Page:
Home for the Holidays
For many people, the holidays mean it’s the one time of year where we pack our baggage and go back to the place where we spent the majority of our formative years planning to escape.
Somehow no one seems to care that you spent a month at an elephant sanctuary in Thailand when your brother just gave them another grandchild or your cousin was written up in the local paper. But hey, you’re a spiritual person! You go to yoga five days a week! You have a daily meditation practice, and the home screen on your phone is a picture of a Shiva having tea with the Pope. You will not let yourself be triggered when your mother suggests that maybe you need to cut back on the calories as you reach for a second piece of pie. You are an enlightened grownup person!
The great teacher Ram Dass said, “If you think you are enlightened, go spend a week with your family.” A week? He was being generous.
There’s an energetic force we all carry within us. It is born deep in our subconscious and grows as we play out our lives through relationships and patterns. The greatest architects of these patterns are the people that raised us. We continue to grow and develop based on the interactions we have with them and with what they are putting out. These are their energetic and subconscious patterns. When our subconscious energy comes up and out to meet theirs, we experience an “interlock.” As the two energies mix and mingle, they form a unique bond to us– like a Molotov cocktail. And let’s be real, by the time that gets lit, it’s pretty much game over.
Here’s an example to help better explain what I mean. You live halfway across the country from your parents whom you visit a few times a year, especially around the holidays. You are an independent woman who has spent many years living on her own, earning money, decorating homes, collecting shoes, and maybe even art. You go to yoga and you meditate. Maybe you even have a teacher training or two under your belt, and through your work you guide others to live more expanded and openly communicative mature and spiritual lives in the modern world.
You land at the airport and you immediately start getting texts from your father who is wondering why it’s taking you so long to come out when he knows damn well the bags take as long as the bags take. You get upset, and you can’t believe you flew all the way out here for this shit. You just want to go home– after all, you’re a grownup person, goddammit!
In that “example” the interlock took about three minutes before it activated, and the two people weren’t even in the same room!
As we gain greater mastery over own subconscious patterns and energy, we can actually learn to project a stronger sense of self and better navigate those tricky interlocks. Maybe next time you make it all the way to the car and halfway home before it kicks in. Maybe it’s when you get home, expecting that maybe the people there will have changed and worked on themselves as much as you have, only to realize they haven’t.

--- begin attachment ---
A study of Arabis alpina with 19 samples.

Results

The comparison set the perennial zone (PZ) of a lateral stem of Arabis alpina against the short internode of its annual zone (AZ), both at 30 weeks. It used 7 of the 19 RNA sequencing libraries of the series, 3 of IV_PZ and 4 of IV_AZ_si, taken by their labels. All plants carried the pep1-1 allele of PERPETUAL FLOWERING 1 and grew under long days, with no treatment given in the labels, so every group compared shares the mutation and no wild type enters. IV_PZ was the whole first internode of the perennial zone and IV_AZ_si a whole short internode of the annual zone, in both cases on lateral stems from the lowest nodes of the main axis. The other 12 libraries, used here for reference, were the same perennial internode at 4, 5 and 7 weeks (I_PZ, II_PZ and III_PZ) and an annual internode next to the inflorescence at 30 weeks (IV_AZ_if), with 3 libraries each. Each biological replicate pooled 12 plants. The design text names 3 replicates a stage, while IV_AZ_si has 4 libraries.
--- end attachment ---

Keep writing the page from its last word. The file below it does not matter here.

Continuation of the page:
At most we have about 72 hours as ourselves, and at the worst moments it will depend on how strong the interlocks are and how deep that subconscious river runs.
But we can’t not go home for the holidays, can we? Isn’t there anything we can do to make sure we stay ourselves and maintain a healthy relationship with our families?
The short answer is yes and also no. No because no matter how much work we do, no matter how deep we go, those subconscious interlocks run deeper and are multi-layered. It also isn’t just about you doing the work. It would require some major landscaping on the part of your parents, siblings, aunts and uncles, childhood friends, etc. And let’s face it, that just isn’t going to happen. As enlightened beings we understand that we also have no control over other people’s actions and behaviors, only our own reactions to them.
So here are a few tips for keeping you your bright and light self even though the odds are stacked against you:
1 | Make lists of all the things you love about your parents, about your home, and about the holidays. Put that list on your phone. Once you’re home for the holidays, put it on the nightstand next to that childhood twin bed of yours and read it every night before you go to sleep, and then again first thing in the morning when you wake up.
2 | Meditate. A lot.
3 | Get yourself back to your senses. Excuse yourself from the table and lock yourself in the bathroom six times if you have to during a family meal. Look at yourself in the mirror and say, “I got this!”
4 | BREATHE.
5 | Also, Breathe of Fire for at least three minutes a day, or any time you feel anger or anxiety. If you’ll be spending more than 72 hours with family, you may want to up it to 11 minutes.
6 | Make sure you take some time for yourself everyday. Go for a long walk. Listen to music that makes you feel uplifted– I personally recommend mantras set to music.
7 | Talk to people that know you now. It will remind you that you are no longer a teenager with mommy or daddy issues who isn’t allowed to see her boyfriend on a Saturday night.
Most importantly, be the example you want reflected back. Remember, holidays are supposed to be happy and fun!
And finally, if all else fails, simply stay at a hotel. It helps to maintain clear boundaries, and if you decide to raid the mini fridge (or mini bar) in the middle of the night, that is between you, Shiva and housekeeping.
Artwork by Michelle Favin of Whys LA for Poppy & Seed. Connect with her @whyslosangeles.